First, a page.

A blustery morning at the James Island Pier in Central Saanich marked a historic moment for Tsawout First Nation Thursday (April 14) as they blessed a new vessel, Baby Jade, for use by the Tsawout people.
Elder Mavis Underwood stood in front of the boat – which is named after Jade, little Tsawout – and offered a prayer.
“We are full of gratitude and we are always full of hope… we bring that to our work, to our lives, to our family and we bring that to the community as we ask for that special protection and blessing on the water for this dear boat… ”
Chrissy Chen, fisheries officer for Tsawout, called the launch of the fishing boat a great opportunity for the nation to see the waters its people have long been on. Baby Jade will help them in their efforts to protect the ocean and harvest food sustainably.
“Being on our waters, going to see where our ancestors were, knowing when there was plenty, it’s so important…it’s time for us to co-manage with (Fisheries and Oceans Canada) and other organizations and to dismantle colonial systems and practices that pollute our waters and villages,” Chen said, calling commercial fishing an example.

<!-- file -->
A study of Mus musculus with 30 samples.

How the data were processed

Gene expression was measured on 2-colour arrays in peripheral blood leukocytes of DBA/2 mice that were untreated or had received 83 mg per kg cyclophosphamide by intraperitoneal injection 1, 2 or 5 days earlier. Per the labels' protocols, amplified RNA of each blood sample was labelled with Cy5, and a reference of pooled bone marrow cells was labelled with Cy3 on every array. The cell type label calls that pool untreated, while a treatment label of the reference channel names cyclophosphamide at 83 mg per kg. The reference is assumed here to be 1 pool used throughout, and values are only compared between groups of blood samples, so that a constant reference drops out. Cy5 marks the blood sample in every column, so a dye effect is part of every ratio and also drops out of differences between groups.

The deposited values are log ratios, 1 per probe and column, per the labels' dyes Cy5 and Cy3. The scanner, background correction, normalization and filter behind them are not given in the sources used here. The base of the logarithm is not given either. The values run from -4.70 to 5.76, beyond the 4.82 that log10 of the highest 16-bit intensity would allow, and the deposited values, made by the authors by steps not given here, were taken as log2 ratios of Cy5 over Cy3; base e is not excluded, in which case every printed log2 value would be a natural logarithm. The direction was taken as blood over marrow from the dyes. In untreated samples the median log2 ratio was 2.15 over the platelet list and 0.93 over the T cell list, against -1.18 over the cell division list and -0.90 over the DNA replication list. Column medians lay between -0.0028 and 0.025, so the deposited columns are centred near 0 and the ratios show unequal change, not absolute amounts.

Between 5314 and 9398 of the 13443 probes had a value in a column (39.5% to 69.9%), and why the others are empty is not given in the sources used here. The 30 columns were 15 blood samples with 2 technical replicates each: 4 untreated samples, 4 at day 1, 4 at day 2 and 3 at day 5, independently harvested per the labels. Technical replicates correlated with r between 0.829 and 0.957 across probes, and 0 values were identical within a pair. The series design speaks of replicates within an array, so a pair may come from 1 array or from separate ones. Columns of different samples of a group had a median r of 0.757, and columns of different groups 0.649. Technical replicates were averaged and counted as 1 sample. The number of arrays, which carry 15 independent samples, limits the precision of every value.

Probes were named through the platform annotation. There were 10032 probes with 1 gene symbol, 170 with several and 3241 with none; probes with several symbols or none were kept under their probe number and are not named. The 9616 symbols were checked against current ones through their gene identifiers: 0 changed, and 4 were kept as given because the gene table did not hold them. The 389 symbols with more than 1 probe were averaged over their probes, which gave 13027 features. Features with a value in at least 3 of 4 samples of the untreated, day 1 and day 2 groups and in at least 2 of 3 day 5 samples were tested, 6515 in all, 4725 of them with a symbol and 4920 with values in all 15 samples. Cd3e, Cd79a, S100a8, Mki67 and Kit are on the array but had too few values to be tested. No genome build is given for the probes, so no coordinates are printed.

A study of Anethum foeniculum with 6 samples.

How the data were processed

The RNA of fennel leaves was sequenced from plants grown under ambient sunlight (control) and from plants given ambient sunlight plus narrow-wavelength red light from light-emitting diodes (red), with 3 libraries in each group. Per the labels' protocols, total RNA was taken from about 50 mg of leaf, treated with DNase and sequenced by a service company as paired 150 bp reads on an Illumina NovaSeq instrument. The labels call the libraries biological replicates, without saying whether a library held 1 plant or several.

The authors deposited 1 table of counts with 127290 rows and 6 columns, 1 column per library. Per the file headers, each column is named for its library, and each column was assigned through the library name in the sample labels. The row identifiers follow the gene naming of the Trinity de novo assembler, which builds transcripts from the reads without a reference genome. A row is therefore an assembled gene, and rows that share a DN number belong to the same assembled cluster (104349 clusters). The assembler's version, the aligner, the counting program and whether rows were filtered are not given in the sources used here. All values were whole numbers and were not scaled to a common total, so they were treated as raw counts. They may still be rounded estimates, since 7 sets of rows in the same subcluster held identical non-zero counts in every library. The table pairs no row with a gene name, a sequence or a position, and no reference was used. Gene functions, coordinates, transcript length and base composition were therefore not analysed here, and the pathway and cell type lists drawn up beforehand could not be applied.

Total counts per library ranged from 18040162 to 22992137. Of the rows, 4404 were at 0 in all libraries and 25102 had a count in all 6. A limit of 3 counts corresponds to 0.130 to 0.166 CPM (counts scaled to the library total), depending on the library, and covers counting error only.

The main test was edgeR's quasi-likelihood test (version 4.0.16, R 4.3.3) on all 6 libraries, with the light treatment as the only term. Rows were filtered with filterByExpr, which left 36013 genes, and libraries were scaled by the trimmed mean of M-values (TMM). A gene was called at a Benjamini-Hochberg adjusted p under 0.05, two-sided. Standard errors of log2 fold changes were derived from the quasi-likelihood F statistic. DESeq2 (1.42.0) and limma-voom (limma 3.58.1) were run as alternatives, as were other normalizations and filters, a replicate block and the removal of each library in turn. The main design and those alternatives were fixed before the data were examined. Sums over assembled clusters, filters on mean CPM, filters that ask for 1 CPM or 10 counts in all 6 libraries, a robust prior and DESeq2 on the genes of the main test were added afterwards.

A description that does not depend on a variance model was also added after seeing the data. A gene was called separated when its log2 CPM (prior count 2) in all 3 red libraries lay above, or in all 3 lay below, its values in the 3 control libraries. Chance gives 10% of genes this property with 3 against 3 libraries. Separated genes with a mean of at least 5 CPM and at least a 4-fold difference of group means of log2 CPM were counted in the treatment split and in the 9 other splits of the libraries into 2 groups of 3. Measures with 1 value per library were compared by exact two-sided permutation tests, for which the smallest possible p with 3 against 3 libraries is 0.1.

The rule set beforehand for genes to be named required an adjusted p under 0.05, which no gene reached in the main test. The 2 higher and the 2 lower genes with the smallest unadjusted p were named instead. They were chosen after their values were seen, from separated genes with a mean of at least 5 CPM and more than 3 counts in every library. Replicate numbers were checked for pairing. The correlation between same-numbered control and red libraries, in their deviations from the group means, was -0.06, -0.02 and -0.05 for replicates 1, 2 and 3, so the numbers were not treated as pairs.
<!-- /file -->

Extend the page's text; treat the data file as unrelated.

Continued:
On June 16, 2021, elected leaders of the Tsawout First Nation enacted a Use of the Sea Act with authority over Tsawout lands, waters, resources and interests.
“There is so much commercial fishing and crabbing and we want to move that out of our area so we can protect, revive and restore everything we have here,” Tsawout Coun said. John Etzel.
Baby Jade will allow Tsawout members to have a hands-on approach to harvesting while setting an example of what the world needs to do in terms of best practices on the ocean – rooted in indigenous leadership, Chen said.